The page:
Ever notice how falling cats somehow always land on their feet, and dropped toast will invariably hit the floor buttered-side down? Well what if you could harness that voodoo and install it in your gadgets? In the near future, this may very well become possible. If the technology described in a recent patent filed by Apple ever makes it past the conceptual phase, the next generation of iPhones could potentially be able to control how they hit the ground.
Patent No. 20130257582, otherwise known as “protecting an electronic device,” is basically a broad set of schemes that Apple has devised to keep your phone from landing on its screen or other vulnerable areas. The document outlines a number of different methods that could ostensibly be used to make this happen, and while some of them seem reasonable, others are just downright ridiculous
In Apple’s words, the core idea is this: “The electronic device may include a processor, a sensor in communication with the processor, and a protective mechanism in communication with the processor. The protective mechanism is configured to selectively alter a center of mass of the electronic device.” In plain English, this basically means iPhones could be equipped with a drop sensor processor similar to the ones already used in Apple laptops. Then, if a phone senses that it’s falling, the drop processor would communicate with a small motor to shift the phone’s internal weight and control which side it lands on. All of this would take place in a matter of seconds as your phone plummets to its doom.
Not a bad idea, right? Given the fact that the iPhone 5S is already equipped with a discrete motion processor and a small motor used for vibration, this doesn’t seem that far out of reach. With some creative programming, this could totally be possible. But other parts of the patent aren’t so reasonable.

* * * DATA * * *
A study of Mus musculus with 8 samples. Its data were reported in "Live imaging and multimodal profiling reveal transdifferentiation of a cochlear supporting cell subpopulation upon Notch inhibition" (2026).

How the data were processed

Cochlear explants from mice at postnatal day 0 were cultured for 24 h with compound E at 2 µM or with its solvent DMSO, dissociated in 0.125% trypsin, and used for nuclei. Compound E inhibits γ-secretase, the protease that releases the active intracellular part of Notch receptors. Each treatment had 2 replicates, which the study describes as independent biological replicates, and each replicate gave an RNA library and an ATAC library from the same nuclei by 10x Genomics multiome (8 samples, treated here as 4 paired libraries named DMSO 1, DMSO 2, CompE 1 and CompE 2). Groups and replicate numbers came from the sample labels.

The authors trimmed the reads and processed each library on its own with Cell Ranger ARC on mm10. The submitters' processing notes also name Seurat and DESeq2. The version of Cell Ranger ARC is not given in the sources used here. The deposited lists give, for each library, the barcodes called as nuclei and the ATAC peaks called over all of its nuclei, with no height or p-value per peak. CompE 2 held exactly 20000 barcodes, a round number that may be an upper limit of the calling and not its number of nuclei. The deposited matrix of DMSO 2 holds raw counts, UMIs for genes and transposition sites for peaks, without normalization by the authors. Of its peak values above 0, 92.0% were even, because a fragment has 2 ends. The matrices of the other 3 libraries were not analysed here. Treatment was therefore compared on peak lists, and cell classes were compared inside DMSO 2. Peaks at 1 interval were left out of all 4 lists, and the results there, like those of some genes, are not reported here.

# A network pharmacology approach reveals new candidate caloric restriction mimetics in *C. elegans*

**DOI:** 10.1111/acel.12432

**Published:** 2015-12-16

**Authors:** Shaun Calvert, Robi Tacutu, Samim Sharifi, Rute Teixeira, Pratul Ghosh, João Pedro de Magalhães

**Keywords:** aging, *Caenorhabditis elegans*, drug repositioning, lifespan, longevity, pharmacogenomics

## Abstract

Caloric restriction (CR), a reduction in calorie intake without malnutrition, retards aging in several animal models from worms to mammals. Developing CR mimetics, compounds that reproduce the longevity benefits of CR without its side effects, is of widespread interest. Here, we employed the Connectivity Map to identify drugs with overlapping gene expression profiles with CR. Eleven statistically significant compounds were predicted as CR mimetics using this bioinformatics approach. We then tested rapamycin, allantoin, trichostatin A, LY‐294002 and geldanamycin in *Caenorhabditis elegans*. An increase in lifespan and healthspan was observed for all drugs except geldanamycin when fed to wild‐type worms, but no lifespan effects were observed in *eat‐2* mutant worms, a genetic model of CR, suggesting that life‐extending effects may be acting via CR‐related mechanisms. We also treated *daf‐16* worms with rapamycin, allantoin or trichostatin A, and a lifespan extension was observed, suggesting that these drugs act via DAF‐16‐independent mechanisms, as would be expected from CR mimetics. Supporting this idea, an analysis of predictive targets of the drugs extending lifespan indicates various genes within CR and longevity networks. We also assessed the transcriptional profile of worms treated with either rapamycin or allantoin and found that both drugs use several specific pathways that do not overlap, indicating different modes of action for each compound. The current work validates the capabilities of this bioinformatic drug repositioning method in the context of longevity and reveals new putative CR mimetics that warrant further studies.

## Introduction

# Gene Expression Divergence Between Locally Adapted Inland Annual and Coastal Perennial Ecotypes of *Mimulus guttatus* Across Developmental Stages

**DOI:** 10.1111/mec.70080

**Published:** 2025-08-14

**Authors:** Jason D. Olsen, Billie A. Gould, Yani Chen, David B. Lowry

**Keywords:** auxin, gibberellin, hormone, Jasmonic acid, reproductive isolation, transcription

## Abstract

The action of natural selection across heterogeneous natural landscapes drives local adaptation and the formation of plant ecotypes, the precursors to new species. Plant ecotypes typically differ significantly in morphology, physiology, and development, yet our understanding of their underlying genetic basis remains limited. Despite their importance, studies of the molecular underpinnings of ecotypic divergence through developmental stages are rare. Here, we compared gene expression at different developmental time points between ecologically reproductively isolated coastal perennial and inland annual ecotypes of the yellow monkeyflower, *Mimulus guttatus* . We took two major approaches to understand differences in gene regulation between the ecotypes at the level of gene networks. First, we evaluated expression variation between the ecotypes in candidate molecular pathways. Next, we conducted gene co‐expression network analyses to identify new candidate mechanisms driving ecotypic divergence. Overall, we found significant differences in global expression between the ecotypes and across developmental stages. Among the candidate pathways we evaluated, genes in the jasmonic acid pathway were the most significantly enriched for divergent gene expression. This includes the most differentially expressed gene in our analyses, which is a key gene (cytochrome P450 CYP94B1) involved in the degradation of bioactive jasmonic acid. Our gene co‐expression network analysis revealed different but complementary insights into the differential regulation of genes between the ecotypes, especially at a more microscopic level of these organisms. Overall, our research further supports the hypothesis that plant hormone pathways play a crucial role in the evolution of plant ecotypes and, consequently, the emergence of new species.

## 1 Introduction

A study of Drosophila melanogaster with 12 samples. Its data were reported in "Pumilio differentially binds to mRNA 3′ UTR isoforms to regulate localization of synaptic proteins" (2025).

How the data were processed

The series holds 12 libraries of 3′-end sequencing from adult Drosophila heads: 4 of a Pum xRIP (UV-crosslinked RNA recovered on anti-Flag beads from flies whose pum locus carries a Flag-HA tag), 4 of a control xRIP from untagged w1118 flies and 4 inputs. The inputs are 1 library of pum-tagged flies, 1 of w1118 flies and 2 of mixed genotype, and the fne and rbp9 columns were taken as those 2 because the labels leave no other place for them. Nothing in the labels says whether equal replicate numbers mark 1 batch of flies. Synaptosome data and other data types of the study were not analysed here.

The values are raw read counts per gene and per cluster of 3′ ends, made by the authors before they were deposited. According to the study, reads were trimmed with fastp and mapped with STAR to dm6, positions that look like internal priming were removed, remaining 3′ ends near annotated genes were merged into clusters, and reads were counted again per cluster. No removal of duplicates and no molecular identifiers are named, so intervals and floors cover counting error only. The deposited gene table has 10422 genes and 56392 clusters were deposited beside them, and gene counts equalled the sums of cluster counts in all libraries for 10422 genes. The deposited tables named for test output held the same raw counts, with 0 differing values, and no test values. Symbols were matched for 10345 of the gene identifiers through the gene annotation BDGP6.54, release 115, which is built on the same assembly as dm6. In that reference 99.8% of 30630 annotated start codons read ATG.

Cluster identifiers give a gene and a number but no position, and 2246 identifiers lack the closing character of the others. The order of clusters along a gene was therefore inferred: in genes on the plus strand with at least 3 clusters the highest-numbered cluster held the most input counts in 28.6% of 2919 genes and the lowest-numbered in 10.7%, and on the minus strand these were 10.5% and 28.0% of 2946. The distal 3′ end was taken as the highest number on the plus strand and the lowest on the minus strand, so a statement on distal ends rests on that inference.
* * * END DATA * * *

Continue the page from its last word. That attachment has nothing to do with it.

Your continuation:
Another section outlines a system that employs jets to create an “air cushion” beneath the phone just before it hits the ground. The phone would use the same drop motion sensor to determine when it’s falling, but rather than shifting it’s weight and orientation, it would release pressurized gas to slow the phone down before impact. If you think that sounds ridiculous, keep reading. Later on in the document there’s a section where Apple talks about using an electric ion propulsion system to decelerate the phone as it falls.
It’s hard to tell how much of this to take seriously since Apple and other big tech companies tend to file outlandishly broad patents so they can claim ownership in the event that any of these ideas actually materialize in the future. But there are definitely a few good concepts in here. We’ll keep our fingers crossed for smart-drop technology in the iPhone 6. For the time being, however, it looks like we’ll just have to stick with good ol’ fashioned rubberized cases.